Green-Friendly Options for the Holidays
Eco-oriented tips for disposing of your trees
Want to "go green" for the holidays?
It's harder during the Christmas season considering on average, Americans dispose of 8,000 tons of wrapping paper, 38,000 miles of ribbon and almost two billion greeting cards in December.
But the venerable Christmas tree is one part of the holiday tradition that offers some eco-friendly options.
"We definitely sell more cut trees than potted ones," said Kacey Cloues, store manager at GardenHood, an independent retail plant nursery in Grant Park.
"Our intown customers want to be good stewards of the land, but they have small lots."
So what do you do with a potted tree that can grow 40 to 60 feet tall?
You can donate it to a non-profit organization such as Trees Atlanta
The group, which plants and maintains trees in Atlanta and advocates for green space conservation, will accept your live tree at its Reynoldstown headquarters at 225 Chester Ave.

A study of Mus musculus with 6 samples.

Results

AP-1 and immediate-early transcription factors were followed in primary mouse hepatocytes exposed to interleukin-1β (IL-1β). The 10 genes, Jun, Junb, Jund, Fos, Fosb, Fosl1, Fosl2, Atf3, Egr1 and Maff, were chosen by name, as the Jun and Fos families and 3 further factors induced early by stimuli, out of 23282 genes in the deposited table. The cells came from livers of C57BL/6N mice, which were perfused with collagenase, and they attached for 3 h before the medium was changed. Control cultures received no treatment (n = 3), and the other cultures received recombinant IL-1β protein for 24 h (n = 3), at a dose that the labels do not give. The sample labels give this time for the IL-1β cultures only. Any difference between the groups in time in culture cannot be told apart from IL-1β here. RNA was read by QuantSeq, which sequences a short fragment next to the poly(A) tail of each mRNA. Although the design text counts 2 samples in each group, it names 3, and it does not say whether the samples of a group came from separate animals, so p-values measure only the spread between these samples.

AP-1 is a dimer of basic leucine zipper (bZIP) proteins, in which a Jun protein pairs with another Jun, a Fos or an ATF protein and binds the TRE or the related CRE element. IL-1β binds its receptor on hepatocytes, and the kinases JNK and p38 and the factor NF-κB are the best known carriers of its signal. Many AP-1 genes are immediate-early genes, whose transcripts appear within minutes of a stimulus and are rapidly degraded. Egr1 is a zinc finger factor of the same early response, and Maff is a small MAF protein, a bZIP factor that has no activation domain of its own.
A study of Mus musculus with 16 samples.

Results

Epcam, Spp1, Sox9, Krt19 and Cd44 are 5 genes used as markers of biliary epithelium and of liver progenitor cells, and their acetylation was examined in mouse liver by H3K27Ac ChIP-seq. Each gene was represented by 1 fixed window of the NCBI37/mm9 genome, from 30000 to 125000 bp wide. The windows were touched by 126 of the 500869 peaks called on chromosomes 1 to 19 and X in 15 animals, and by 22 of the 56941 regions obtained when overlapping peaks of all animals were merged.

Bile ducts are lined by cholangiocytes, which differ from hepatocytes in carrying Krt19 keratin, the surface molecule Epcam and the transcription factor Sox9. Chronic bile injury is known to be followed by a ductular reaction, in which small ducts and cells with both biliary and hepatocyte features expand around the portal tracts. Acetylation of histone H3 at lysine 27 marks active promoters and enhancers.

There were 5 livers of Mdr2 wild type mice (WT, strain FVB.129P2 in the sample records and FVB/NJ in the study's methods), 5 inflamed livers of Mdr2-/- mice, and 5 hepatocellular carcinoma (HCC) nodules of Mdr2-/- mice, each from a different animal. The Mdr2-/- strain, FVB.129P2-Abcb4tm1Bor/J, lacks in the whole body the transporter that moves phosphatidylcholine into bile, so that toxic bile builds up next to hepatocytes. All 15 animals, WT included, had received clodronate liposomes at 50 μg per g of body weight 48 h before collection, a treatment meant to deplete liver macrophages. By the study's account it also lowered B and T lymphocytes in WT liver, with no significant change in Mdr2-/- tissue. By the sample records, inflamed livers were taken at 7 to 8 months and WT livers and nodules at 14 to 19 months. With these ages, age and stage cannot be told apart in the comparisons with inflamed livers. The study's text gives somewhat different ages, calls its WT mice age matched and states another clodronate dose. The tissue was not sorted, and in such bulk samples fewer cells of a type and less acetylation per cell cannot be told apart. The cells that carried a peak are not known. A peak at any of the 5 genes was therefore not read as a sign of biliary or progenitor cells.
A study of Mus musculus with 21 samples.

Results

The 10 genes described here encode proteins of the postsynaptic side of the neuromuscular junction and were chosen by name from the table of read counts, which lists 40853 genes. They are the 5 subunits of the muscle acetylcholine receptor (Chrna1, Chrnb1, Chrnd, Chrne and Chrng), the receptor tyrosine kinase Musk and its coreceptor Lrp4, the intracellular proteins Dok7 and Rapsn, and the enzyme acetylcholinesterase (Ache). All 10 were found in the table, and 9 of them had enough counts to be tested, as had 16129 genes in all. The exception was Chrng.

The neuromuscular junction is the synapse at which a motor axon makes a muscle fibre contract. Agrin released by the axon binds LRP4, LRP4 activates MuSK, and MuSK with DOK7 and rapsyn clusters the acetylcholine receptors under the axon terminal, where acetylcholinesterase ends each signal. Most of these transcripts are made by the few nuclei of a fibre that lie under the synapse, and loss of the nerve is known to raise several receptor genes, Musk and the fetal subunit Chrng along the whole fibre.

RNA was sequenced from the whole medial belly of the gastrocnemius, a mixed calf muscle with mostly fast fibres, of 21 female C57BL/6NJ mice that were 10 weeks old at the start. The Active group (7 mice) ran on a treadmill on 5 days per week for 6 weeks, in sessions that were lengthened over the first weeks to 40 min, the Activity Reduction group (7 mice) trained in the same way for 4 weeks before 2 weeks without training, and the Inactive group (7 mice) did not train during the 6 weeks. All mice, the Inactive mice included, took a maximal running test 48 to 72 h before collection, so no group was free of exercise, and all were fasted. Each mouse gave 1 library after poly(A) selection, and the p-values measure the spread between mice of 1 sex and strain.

You will have to call 404-522-4097 to schedule a drop-off time. The donation also may qualify for a tax deduction.
Is a cut tree eco-friendly?
"It really depends on what you do with your tree afterward," Cloues said. "If you let the tree decompose or use it for soil erosion control, it can be nearly as green as a live tree."
A cut tree also can serve as a temporary wildlife habitat. Use orange slices, suet and seed to help attract birds. The tree branches will serve as welcome shelter.
GardenHood educates its customers on recycling options.
"No one wants to feel like they're being wasteful," Cloues said.
Several Home Depot locations will recycle trees in January.
Go to www.earth911.org to search for additional drop-off locations of groups and organizations accepting trees post-holiday.